Luxury Names Rely on Fashion Design School Talent
by Marianne Salina
Fashion Career Center Columnist
In case there was any doubt that fashion design school offers more than just sewing classes, the 12th annual "Design and Marketing of Luxury Products" semester-long course proved that design students are just as invested in profit margins as they are in deconstructing blazers.
For over a decade students from the most prominent business school and fashion design school in New York City have brainstormed solutions to real business challenges faced by luxury names like Saks 5th Avenue, Hermes, Salvatore Farragamo, Lalique, Louis Vuitton, and Graff.
Learning Marketing and Management in Central Park
In the greenery of Central Park, the business and fashion design students split up into six teams that represent each luxury name, creating strategies and product ideas to help the company maintain longevity. "Luxury companies are in it for the long haul," said Barbara Crikva, chair of LEF, "They should look at an investment as just that, and not as an expense." Since luxury names now compete with companies like H&M and Zara--cheaper versions of designer labels with faster production turnaround--fashion survival depends on smart business strategy.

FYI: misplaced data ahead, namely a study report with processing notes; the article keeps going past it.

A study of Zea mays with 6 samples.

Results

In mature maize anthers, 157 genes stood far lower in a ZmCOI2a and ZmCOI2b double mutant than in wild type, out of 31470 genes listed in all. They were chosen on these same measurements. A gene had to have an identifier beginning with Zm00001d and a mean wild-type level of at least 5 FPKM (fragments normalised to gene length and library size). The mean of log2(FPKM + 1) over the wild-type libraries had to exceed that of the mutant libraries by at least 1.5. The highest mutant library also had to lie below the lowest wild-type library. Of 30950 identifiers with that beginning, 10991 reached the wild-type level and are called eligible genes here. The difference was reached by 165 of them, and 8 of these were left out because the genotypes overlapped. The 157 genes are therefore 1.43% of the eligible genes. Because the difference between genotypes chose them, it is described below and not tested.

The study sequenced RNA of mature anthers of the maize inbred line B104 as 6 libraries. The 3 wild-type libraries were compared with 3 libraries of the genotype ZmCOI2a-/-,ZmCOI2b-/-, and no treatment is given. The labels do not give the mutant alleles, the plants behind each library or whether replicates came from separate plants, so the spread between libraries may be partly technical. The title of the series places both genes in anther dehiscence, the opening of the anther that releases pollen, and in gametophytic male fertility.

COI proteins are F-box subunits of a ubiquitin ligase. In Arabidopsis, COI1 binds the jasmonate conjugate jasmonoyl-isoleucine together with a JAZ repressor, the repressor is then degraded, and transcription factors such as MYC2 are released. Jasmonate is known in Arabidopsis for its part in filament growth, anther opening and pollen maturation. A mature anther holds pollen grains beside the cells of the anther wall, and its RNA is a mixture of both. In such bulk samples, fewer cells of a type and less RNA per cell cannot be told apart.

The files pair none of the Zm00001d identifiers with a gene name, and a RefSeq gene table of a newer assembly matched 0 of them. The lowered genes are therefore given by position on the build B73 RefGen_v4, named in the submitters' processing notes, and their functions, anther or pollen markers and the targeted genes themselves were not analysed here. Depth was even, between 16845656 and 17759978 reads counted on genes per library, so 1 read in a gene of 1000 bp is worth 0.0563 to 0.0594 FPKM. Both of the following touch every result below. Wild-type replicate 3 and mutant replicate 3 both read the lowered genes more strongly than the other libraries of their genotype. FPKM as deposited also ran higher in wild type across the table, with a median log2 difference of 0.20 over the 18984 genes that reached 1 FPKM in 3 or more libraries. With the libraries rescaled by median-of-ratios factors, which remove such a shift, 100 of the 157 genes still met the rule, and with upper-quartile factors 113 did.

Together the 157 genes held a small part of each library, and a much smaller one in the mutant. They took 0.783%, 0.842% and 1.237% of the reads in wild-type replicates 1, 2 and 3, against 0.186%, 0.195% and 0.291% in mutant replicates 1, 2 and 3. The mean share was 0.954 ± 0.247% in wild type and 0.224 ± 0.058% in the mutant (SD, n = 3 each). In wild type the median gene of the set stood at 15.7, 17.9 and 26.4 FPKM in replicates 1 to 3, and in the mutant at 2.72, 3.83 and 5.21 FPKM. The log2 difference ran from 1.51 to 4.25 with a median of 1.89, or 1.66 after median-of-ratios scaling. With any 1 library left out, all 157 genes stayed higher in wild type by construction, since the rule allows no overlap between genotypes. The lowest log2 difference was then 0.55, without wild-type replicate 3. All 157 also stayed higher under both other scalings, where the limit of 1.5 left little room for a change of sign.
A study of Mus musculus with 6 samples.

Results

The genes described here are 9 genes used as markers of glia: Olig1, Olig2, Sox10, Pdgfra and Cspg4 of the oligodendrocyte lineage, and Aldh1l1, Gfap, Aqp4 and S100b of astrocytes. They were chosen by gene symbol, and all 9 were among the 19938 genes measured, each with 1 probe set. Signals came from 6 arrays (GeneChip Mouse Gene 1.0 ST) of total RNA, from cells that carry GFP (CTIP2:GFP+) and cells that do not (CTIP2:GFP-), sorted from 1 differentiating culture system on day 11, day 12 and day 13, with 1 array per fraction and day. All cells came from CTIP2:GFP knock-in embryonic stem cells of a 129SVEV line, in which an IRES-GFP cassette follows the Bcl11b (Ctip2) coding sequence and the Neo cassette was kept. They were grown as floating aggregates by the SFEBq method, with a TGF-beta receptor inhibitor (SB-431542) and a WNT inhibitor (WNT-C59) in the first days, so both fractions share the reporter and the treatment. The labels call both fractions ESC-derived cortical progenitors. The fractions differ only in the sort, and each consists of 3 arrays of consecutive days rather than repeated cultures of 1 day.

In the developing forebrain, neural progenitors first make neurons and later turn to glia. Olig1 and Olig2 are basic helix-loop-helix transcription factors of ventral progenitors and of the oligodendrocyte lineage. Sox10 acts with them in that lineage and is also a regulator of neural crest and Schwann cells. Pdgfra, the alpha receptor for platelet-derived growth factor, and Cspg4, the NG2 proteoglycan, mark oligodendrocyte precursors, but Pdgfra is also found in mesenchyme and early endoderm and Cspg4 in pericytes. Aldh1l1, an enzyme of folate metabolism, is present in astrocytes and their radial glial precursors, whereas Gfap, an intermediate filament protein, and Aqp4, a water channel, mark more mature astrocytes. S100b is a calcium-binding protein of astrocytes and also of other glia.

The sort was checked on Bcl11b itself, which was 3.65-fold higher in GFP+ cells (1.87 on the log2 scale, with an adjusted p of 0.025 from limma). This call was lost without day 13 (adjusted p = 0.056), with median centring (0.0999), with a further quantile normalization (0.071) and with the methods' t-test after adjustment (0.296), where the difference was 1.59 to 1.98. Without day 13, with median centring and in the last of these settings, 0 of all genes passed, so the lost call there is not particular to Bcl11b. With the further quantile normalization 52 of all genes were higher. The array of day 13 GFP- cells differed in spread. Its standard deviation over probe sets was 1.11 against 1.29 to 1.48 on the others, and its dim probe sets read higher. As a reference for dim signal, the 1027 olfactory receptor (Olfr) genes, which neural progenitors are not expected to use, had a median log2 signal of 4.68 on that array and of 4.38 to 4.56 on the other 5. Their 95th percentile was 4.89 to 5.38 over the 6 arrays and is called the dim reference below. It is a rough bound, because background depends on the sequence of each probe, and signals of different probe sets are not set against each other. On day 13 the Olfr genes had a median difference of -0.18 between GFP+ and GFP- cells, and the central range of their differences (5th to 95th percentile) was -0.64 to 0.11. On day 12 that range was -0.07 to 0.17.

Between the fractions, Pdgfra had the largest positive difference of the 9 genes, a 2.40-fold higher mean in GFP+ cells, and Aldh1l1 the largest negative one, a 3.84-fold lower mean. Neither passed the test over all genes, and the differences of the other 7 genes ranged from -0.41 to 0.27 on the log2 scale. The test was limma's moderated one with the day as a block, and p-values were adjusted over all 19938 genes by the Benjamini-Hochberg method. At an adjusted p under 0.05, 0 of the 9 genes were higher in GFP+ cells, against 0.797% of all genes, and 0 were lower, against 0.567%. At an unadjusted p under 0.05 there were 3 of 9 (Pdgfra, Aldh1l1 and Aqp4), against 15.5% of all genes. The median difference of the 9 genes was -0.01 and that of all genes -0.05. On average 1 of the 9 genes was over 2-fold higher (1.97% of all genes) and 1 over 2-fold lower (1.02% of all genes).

Business and Fashion Design Go Hand in Hand
With company image and history in mind the students come up with a range of ideas to help broaden product lines and reach more customers. Team Saks, for example, considers tactics for better reaching the men's customers in the store--particularly on the 6th and 7th floor--with design concepts like a Saks logo umbrella that opens up to reveal a panoramic skyline of New York underneath or benefit parties held by "Ambassadors of Style" on the men's floors.
New York: Destination for Fashion
"Design and Marketing of Luxury Products" students know they are playing for keeps. According to President of LEF Ketty Maisonrouge, "if they come up with a good idea, the company will run with it." New York is after all a destination for both serious students of fashion design and the labels that support the luxury market. Since fashion is truly both an art and a business--what better place than New York to explore the possibilities of design school?
About the Author
Marianne Salina has a B.A. in Literature and Creative Writing and enjoys researching and discussing the myriad of fashion design pursuits in her columns.